What’s Brewing in the Middle East?


In the Middle East it can be a challenge to find typical alcohol we see in our grocery stores, pharmacies, or gas stations here in the U.S.  In Islamic nations such as Afghanistan, Iran, Pakistan, Saudi Arabia, Yemen, and Kuwait are places where alcohol is prohibited entirely to Muslims, and that’s because alcohol is consider to be Haraam, which is any sinful act or thing forbidden by Allah. This has been a long standing part of their culture over time, but now drinking alcohol has started to become less taboo in certain areas in the Middle East. A London-based market-research firm indicated that” between 2001 and 2011 sales of alcohol in the Middle East, where Muslims dominate, grew 72% against a global average of 30%. That rise is unlikely to be accounted for by non-Muslims and foreigners alone.” There does happen to be many Christians and tourist in these areas as well, but a lot of people go unaccounted for mostly because of the taboo that lingers so they keep the alcohol at home when they drink. Another factor for the increasing trend is now due to class status, in places such as Lebanon, Qatar, and Dubai because alcohol is an expensive commodity and it portrays high levels of prestige.  Despite the bans, negative stigmas, finances and challenges one faces when associating with alcohol in the Middle East, there are some individuals who are courageous enough to venture into the alcohol business.

961beerbetter

In Lebanon a former banker, Mazen Hajjar, partnered with a Danish businessman, Henrik Hagen, to start up a brewery. They started small scale in Hajjars apartment and worked their way into a microbrewery with a signature craft beer called 961 Beer. There pub was such a success that they had to close down 3 years later to look for a new venue to accommodate the crowd. Although there business was booming the cost is a main issues due to importing ingredients, as well as high utility prices for the vast amount of water and power used for the brewing. According to New York Times Hajjar has come a long way since making that first batch of beer in a city under siege, and has shown remarkable change in tradition.

karbeer

Other countries ,such as Jordan, are face a little more difficulty when starting a brewery though.  Yazan Karadsheh, Jordanian who has a love for beer, a degree in electrical engineering at UC Boulder, and degree from Master Brewer’s program at UC Davis, decided to start his own brewery. Faced with many more challenges that Hajjar, such as much higher taxes on utilities, uncooperative government institutions, and construction employees denying service just because his work dealt with alcohol. According to Vice Karadsheh says he has even been told to go stand in the corner because this is haram, but these challenges from the government hasn’t stopped Karadsheh ambition. Much of the local community supports his beer, Carakale’s, and acknowledge his success in competing with the Dutch beer, Amstel, which has dominate the market since 1958. Karadsheh is still working his way to actually making a profit after all the investments, but he explains how brewing means more than just profits, he says “Brewing is the only time when I don’t care what’s happening politically,” Karadsheh said. “I’m in the zone. Even on bad days, it’s crazy, it’s stressful, but somehow it’s relaxing at the same time.’.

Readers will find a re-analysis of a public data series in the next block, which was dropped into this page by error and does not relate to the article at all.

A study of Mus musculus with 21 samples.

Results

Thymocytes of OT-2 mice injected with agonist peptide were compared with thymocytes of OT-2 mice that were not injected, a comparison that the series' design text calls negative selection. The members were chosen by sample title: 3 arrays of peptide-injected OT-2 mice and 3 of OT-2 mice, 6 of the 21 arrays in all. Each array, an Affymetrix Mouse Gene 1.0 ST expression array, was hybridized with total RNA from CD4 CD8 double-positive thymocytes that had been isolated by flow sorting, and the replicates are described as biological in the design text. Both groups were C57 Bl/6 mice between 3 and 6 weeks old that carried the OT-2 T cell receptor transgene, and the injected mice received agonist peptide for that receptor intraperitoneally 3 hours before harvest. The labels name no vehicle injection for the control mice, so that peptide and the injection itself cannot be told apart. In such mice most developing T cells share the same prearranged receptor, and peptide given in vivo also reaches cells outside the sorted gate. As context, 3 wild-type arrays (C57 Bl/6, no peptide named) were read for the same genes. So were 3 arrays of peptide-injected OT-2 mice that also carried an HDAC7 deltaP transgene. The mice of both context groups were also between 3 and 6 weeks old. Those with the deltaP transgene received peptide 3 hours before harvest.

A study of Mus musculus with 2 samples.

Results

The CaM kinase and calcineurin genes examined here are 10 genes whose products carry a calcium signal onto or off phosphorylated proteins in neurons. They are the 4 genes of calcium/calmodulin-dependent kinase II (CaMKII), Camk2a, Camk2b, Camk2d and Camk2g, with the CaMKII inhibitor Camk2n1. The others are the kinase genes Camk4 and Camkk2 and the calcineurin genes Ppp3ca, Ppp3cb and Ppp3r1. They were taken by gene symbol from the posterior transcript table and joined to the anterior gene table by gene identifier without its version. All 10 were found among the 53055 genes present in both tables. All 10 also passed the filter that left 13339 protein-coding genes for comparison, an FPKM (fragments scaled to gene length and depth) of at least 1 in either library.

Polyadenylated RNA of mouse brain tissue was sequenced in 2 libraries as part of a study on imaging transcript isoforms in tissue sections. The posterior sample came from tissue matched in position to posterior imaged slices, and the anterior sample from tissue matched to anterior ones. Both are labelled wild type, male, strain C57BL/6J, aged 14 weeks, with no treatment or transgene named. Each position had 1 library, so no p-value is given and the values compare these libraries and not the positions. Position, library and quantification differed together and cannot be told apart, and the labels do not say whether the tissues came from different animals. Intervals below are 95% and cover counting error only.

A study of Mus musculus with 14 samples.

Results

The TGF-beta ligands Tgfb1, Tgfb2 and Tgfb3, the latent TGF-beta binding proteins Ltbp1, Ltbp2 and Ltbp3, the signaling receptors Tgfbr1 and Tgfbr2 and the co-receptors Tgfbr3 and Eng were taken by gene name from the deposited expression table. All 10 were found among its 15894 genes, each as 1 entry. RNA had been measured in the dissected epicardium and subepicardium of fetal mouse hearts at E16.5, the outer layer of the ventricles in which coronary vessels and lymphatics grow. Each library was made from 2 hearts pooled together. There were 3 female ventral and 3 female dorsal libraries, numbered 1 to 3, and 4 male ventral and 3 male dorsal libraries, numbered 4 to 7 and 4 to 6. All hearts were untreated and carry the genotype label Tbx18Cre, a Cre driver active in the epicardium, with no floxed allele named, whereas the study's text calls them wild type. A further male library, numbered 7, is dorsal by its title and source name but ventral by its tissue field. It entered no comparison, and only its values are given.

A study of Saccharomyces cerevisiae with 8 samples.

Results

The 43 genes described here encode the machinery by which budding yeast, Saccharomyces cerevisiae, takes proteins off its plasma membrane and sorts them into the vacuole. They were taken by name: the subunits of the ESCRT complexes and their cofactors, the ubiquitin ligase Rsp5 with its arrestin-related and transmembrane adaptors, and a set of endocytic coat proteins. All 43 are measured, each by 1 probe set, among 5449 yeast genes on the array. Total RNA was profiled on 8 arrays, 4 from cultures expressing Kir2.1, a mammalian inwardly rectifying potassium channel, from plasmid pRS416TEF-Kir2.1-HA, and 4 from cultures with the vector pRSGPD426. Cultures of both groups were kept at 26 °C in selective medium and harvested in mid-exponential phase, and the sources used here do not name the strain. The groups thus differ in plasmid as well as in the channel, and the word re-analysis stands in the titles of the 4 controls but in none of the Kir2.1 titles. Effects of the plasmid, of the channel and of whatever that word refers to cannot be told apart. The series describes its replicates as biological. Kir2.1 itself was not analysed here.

Sources:

http://www.economist.com/node/21560543

http://www.vice.com/read/microbreweries-in-jordan-909

http://www.nytimes.com/2013/08/04/business/the-hipster-brewmeister-of-beirut.html?_r=0


  1. Wow I had no idea that the market was growing at such a large rate! I knew that some Arab people behind closed doors drank and smoke “hashish”, but had just never thought it would be a significant market. Wonder what this says about the future of the industry in the region and if Islam will adapt to beer? Or whether they would maybe strengthen prohibitive laws.

  2. Can you imagine if alcohol was illegal in the U.S. again? That wouldn’t go over very well so it’s difficult for me to picture an entire religion/region that frowns upon the consumption of alcohol. It’s nice to see that the people who are making an effort to establish breweries aren’t doing it for the sole purpose of getting intoxicated but for the actual pleasure they have for the process and taste of a well brewed beer.

  3. Since alcohol is so readily available here, it’s hard to imagine what it would be like if it would be prohibited. However, it’s interesting to see that people are still brewing, and doing what they are passionate about even though they have to jump through many hoops.